American article about the Cuisine of the Monti Sicani
Eating in the Sicani Mountains: Sicily’s Gastronomic Treasure
Despite being a national park, the Sicani Mountains between Palermo and Agrigento are not well known. Still, they offer a gastronomic treasure trove of Sicilian cuisine.
In the Sicani Mountains you’ll find the purest, most intimate and genuine expression Sicily’s essence. Located halfway between the provinces of Palermo andAgrigento, it’s the third largest natural park in Sicily. The main town is Palazzo Adriano, “the most beautiful small town in Sicily,” where the masterpiece Cinema Paradiso was filmed. As can be seen in the Archaeological Museum of Sant’Angelo Muxaro, the Sicani are also the oldest people to have inhabited central-southern Sicily, as far back as 13,000 years ago. Their name is actually a cross between Siculi and Siciliani. Later, from the 6th century BC, Greeks, Romans and Arabs passed through, and they all turned the Sicani mountains into a land devoted to hospitality and immense generosity. Pierfilippo and Maria Rita of Val di Kam, the first and only business working to make this area better known in the world, are well aware of this.
The ricotta of the Sicani
It’s thanks to such a rich biodiversity that ricotta and dairy products are the gastronomic crown jewel of the Sicani. In fact, the ricotta at the base of many Sicilian sweets, like cannoli and cassata, comes from here, where the pinzirita sheep (one of the endangered local species) is still milked by hand and where it’s common to hear the cheesemonger driving around the towns crying, “ricotta and whey, ricotta and whey!” There’s also the Sperikotta Company of San Biagio Platani, known for the already sweetened ricotta cream, ready forcannoli, which travels as far as America. Every January 6, for the Epiphany, Sicilian ricotta is celebrated in Sant’Angelo Muxaro, where older people use it to prepare recipes on stoves set up in the square, just like in the past.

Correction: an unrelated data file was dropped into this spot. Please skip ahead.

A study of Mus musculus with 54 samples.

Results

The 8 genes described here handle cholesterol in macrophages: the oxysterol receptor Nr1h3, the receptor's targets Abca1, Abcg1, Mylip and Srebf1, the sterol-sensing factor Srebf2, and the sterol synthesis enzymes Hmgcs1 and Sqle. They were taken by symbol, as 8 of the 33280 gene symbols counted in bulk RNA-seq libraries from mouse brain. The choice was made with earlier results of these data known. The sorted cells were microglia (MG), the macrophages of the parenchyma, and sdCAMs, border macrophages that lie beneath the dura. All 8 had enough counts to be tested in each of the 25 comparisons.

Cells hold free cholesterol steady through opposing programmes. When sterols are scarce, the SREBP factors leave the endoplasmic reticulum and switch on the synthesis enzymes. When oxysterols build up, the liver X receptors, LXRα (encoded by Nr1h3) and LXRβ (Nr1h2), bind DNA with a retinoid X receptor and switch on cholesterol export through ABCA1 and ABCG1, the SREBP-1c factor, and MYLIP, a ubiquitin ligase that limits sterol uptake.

Oregano, cunzato bread and U Furnu di Zia Maria
The Sicani produce one of the greatest quantities of oregano, not only cultivated varieties but also spontaneous and wild ones. Try one of the typical dishes of the area, the pane cunzato which is even more essential than the most famous one from Scopello. It’s a simple roll with a crispy crust seasoned only with oil and oregano. But no one makes it quite like Zia Maria in one of the oldest bakeries in the region, the U Furnu in Sant’Angelo Muxaro.
The IGP Bivona peach
Also called montagnola peach, there are 4 types: murtiddara, bianca, agostina, settembrina. It has a unique scent all its own, unlike any other peach, and its creamy white flesh has slight red veins with a sweet and aromatic flavor. They ripen between the end of August and the first ten days of September. Since 2014 it has been protected by the IGP denomination, which has made Bivona the town of peaches. Every summer a festival is held in their honor.
The Valle del Platani pistachio
In reality it is not so different from the one from Raffadali, given that both belong to the same production area. Yet due to a question of names, a war is going on between these two pistachios. The one from the Valle del Platani is known for its healthy characteristics; it seems that its constituent palmitoleic acid makes this pistachio a natural antioxidant, which helps with cholesterol problems. The goal of the Pistacchio Valle del Platani association, with its 40 producers and 6 processors, is to obtain geographical recognition by demonstrating its beneficial effects. In the meantime, try it on pizza at Eden, the only pizzeria in Sant’Angelo Muxaro, owned by Rosario and Riccardo di Raimondo.
A nursery where you can discover Sicilian biodiversity
If there is an area of Sicily that is really rich in biodiversity, this is it. With more than 400 types of medicinal and aromatic herbs and about 60 different types of trees, Dal Pollice Verde is emblematic of this botanical diversity. It’s owned by Aldo, who traveled the world for 40 years of his life and then decided to return to his home town San Biagio Platani and start building wooden houses (he gives sensational massages in one of his tree houses) and growing all sorts of plants; from restoring almond and olive groves, to capers, lavender, ancient grains, wild fennel, Mediterranean wild thyme (different from the others), infinite varieties of sage, sumac (an African spice), and so on. For all these reasons, Aldo was one of the seven founders of the Sicilian Organic Agriculture Organization and is currently considered one of the top experts on biodiversity in the Park. Anyone can spend time with him, but be careful never to pay him. Here, as in the rest of the Sicani area, the rule of barter still applies.